On September 11, 2001, one of the most devastating events in United States history occurred. In a planned attack, terrorists hijacked airplanes of innocent people and crashed them straight into the World Trade Center.
Over 1,000 people gathered around Grand Episcopal Church in Nyack, New York to mourn the loss of one heroic 24-year-old man.
Alison and Jefferson Crowther celebrated and honored the life of their son Welles who became a national hero during the 9/11 attacks.
Their son, Welles Remy Crowther, worked as an equity trader on the 104th floor of the South Tower when the attack happened. During which time, Welles called his mother to inform her that he was okay. Unfortunately, those were the last words his mother heard…
After the second plane crashed, the Crowthers knew the likelihood of them seeing their beloved son again were low. Their son was always a likable man, but his parents never thought he would become a national hero!
Months later, in May 2002, Jefferson was reading the New York Times and noticed a feature article that chronicled the last 102 minutes before the tower toppled over. He read something startling, and immediately passed it to Alison saying, “You might want to read this.”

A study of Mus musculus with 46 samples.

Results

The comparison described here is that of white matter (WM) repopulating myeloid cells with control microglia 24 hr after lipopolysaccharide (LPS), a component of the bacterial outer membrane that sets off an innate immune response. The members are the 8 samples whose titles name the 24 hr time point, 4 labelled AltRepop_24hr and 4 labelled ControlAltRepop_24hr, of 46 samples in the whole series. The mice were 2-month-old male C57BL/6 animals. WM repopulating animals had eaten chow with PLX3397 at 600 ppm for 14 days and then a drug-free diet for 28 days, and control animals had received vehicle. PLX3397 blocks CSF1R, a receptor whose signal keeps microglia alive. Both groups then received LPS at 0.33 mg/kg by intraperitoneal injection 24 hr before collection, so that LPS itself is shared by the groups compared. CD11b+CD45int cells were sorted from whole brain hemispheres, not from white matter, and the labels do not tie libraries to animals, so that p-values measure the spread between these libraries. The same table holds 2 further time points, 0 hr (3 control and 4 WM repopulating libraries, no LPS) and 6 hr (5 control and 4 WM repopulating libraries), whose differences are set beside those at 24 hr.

In the article, witnesses mention a hero wearing a red bandanna saving them from danger.
Allison recalls, “The second I read that, I went, ‘oh my God, there’s Welles — there he is. I just knew it — in my heart, I knew it.”
To confirm this, Allison contacted the witnesses and sent them a picture of Welles.
“He was the cowboy coming in to save the town,” the person Welles saved said. “In this day and age when we have no heroes, here was a young man who basically gave his life. … If it wasn’t for Welles, I wouldn’t be here.”
Wearing a red bandanna, Welles Remy Crowther sacrificed his own life in order to save many other lives during the 9/11 attacks.